Updated on: September 28, 2020

What COVID Revealed About Healthcare Disparities


The pandemic disrupted the stability surrounding food, shelter, and sleep.

Because Healthfirst has long supported the health needs of underserved New Yorkers, we understand the impact of the social determinants of health (SDoH) on the underemployed, financially challenged seniors, and underrepresented minorities.

During the ongoing COVID-19 pandemic, we had a glimpse at the lethal impact of healthcare disparities on those we serve.

The early data suggested that COVID is most lethal among individuals with the “triple threat” of diabetes, obesity, and hypertension. In communities without access to healthcare and the ability for a lifestyle involving exercise and healthy eating, these underlying health conditions created the opportunity for a life-threatening virus to find hosts and cause devastation.

COVID also revealed a divide in both access to care and the basic need for housing, food, and mental health support. These are all SDoH that play a critical role in outcomes. These disparities are not new, and the realities of institutional racism have been exposed in communities ravaged by COVID.

The first driver of the health gap is food. Food is an important form of medicine and healthcare, and healthy eating is a learned skill. 

During the COVID crisis, we partnered with NowPow, an organization that maintains local community resource networks on its digital platform. When we learned that specific members needed food, we connected them to food sources on the NowPow platform.

To create better health outcomes, we also moved to provide healthy food through a multifaceted approach to “food as medicine,” with our hospital partners and within our own programs.

The second driver of the health gap is mental health, and how it can undermine the overall health of the underserved.

Imagine how COVID disrupted the stability surrounding food, shelter, and sleep. Stress levels were unthinkable. COVID, along with unemployment, racial injustice, and social isolation has raised anxiety and depression to high levels. Dr. Leonard Calabrese at the Cleveland Clinic has discussed how ongoing stress can decrease the body’s lymphocyte levels, making infection more likely.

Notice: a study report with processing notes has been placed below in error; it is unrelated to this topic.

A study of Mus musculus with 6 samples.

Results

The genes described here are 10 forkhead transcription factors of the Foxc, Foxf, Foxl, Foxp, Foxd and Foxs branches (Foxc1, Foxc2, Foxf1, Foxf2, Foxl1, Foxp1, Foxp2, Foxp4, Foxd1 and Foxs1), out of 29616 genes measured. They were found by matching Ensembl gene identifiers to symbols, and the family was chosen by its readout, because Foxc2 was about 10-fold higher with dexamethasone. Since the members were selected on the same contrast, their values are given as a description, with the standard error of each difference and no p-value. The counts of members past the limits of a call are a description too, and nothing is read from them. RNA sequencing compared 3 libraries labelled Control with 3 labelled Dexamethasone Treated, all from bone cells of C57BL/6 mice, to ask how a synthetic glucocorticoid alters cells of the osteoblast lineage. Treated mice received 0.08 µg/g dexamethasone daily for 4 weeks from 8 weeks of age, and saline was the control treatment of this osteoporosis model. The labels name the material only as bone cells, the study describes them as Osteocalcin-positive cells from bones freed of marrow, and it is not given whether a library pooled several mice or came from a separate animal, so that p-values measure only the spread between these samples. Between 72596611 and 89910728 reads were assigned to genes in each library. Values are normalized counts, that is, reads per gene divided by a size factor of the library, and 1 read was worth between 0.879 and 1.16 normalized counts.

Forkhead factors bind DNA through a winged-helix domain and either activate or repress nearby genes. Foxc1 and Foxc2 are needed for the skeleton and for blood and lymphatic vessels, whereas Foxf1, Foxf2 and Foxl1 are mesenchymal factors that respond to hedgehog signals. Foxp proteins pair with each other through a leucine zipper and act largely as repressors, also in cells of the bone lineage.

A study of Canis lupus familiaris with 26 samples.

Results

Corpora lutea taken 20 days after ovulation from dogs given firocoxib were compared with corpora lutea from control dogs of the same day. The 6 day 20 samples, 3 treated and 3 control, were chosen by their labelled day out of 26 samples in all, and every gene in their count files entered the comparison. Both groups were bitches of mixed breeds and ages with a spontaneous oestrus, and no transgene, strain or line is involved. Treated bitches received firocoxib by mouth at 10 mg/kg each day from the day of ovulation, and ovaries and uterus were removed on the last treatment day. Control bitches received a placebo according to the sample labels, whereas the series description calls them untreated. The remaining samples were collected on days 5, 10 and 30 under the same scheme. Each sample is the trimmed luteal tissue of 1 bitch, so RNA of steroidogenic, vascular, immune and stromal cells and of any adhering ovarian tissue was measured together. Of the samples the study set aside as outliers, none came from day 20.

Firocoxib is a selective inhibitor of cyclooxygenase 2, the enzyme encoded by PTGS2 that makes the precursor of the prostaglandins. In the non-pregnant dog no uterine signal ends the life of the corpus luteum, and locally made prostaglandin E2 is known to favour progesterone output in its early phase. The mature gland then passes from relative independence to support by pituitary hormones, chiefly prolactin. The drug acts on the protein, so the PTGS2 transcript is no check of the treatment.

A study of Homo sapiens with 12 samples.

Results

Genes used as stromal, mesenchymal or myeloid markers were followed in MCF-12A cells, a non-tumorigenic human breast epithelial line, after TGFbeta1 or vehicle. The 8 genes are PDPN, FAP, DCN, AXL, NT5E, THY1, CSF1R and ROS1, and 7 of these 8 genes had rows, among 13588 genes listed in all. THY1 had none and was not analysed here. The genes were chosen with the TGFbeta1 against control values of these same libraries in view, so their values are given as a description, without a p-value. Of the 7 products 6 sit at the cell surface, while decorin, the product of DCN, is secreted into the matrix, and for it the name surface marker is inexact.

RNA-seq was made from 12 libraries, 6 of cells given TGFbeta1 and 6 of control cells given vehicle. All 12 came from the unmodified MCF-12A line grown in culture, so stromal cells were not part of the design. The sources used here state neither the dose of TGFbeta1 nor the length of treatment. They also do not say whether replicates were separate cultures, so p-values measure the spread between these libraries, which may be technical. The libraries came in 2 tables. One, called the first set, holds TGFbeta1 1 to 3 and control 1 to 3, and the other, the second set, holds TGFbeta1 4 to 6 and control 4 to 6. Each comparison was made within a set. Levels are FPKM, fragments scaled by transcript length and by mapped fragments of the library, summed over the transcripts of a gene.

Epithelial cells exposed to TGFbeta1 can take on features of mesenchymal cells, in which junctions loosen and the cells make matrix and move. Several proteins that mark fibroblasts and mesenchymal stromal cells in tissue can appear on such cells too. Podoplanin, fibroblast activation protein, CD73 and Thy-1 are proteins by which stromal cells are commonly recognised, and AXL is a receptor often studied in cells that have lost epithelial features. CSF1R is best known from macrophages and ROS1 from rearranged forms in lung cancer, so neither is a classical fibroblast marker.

Healthfirst has responded to a significant increase in calls from members experiencing anxiety and depression by increasing both our outreach and available help for our members. 

Driver number three is simply “healthcare access.”
People in underserved communities are more loosely linked to their primary care providers.  They tend to move frequently, due to housing instability. Finding health services during off hours can be difficult for those who work. Sometimes we hear from people that they are not valued or well-treated by their providers, and these relationships deteriorate.

By working with our partner hospitals, providers, and independent physician associations, Healthfirst creates opportunities for access. During the pandemic, we emphasized telehealth services and rolled out our mobile app, which allows members to search for nearby providers and essential services like food.

The pandemic has sharpened our understanding of the serious health disparities that exist among the underserved. They are unjustly lethal, and have consequences with rippling effects. Together, with policy, focus and determination, we can address the systemic racism and the lack of healthcare access among those whose voices are not always heard.

Sheryl Markowitz, LCSW, LISWs

Sheryl Markowitz is senior vice president of clinical operations at Healthfirst of New York City.